By LISA WHALEY
25 volunteers. 46 customers. 7,852 miles. 537 travels.
Jonesborough celebrated more than 500 rides as part of its new MyRide TN transportation service Monday, and local officials are convinced this celebration is just the beginning.
‘It just keeps climbing,” said Lee Gay, volunteer transportation coordinator for the First Tennessee Area Agency on Aging and Disability, who has been with the program from the beginning. “It’s a testimony to the value of the people in this community.”
Implemented in Jonesborough in December of last year as a transportation resource for local seniors age 60 and up, the new program has already surpassed expectations, according to Jonesborough Senior Center Director Mary Regen.
“The requirement for the grant was 500 rides in three years,” said Regen, referring to the $3.6 million statewide grant from the Community Foundation of Middle Tennessee and the Tennessee Commission on Aging and Disability that helped fund the service. “We’ve given 500 rides in less than a year. So we are very proud of that.”
According to Susan Katko, coordinator for MyRide TN in Jonesborough, the service has been a blessing for both volunteer drivers, many of whom are seniors themselves, and their passengers.
“First of all, families are so burdened these days,” she said, explaining why the program is so important in Jonesborough. “They work full time. They have their own children.”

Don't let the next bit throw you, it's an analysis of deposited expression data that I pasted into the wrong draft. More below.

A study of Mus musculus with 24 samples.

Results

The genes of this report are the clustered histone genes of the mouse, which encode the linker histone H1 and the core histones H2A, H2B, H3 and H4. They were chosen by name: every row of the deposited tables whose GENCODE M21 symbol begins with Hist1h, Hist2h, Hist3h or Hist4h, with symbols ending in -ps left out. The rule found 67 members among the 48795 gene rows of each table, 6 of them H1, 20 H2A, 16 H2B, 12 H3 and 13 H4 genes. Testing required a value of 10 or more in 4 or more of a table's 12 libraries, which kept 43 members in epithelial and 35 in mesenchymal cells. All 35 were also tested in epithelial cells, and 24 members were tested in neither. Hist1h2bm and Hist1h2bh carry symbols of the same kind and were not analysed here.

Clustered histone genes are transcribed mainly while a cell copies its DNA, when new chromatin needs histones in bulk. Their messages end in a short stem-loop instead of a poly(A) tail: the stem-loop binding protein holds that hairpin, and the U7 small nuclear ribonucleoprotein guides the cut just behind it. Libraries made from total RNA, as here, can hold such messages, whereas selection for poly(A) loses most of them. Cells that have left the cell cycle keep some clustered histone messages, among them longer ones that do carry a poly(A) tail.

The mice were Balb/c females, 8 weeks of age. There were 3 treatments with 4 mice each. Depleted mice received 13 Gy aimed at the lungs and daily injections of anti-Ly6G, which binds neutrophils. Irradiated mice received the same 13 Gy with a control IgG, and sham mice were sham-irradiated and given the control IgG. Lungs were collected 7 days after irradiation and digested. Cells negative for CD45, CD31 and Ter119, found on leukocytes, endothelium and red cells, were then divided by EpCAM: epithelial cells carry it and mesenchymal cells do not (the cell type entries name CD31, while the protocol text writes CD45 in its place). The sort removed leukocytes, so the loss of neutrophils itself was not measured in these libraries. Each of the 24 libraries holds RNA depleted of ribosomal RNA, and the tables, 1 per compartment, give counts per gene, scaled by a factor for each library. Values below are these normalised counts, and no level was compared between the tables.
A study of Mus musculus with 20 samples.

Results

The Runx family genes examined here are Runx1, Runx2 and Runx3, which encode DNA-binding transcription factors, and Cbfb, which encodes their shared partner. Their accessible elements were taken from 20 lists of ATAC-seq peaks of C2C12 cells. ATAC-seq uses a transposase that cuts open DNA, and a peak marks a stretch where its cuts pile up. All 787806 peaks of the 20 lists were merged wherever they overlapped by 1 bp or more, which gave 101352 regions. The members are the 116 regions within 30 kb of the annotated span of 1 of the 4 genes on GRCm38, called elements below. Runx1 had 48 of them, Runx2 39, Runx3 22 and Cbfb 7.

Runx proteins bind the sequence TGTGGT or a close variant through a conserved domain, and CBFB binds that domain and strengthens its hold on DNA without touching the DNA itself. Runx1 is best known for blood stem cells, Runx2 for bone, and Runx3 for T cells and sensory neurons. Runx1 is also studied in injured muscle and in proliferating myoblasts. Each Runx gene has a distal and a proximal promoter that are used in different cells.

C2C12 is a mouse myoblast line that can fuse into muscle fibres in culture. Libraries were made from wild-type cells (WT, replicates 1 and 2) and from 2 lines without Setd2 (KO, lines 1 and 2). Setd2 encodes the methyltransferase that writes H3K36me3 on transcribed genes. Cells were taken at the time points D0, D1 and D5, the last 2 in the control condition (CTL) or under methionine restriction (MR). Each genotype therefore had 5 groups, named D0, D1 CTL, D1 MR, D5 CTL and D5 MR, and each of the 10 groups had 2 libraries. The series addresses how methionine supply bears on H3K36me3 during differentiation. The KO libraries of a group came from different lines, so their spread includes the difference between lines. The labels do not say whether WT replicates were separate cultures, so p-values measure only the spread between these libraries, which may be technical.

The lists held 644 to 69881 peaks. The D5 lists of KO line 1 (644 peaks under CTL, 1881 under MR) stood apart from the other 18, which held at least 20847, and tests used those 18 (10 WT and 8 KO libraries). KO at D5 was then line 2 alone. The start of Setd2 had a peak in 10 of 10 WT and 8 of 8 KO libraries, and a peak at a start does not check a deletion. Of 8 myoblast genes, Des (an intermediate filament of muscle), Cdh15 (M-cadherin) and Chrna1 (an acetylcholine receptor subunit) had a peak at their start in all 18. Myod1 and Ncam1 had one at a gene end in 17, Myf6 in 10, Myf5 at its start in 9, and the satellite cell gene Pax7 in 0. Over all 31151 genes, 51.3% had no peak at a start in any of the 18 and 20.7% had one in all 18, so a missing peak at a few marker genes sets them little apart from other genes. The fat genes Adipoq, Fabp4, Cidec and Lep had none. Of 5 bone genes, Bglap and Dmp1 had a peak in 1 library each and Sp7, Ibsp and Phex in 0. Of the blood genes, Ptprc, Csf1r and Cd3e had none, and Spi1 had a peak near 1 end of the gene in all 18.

It makes it difficult to be there for their older parents, Katko said.
And in turn, these older parents worry about being a burden for their children.
“There are also an awful lot of seniors who have no one,” Katko continued. “It’s surprising.”
In either case, MyRide provides a local solution by matching seniors in need of willing volunteers, whether for trips to the doctor’s office or the grocery store.
“We’re helping them stay healthy and also not be isolated,” Katko said. “We have a lady, for example, that we are taking to the Monday Club meetings at the Johnson City Public Library.”
As for the volunteers, Katko can’t praise them enough.
“They are dear to my heart,” she said, “because they show the capacity to help. They just want to serve. They have very big hearts.”
They also, reap the benefits of helping, she said.
“Ninety percent of my drivers are retired,” Katko said. “Some of them are lonely themselves. Some of them are cancer survivors and want to give back. A lot of them come from the churches and the senior center.
“They just want to make a positive difference.”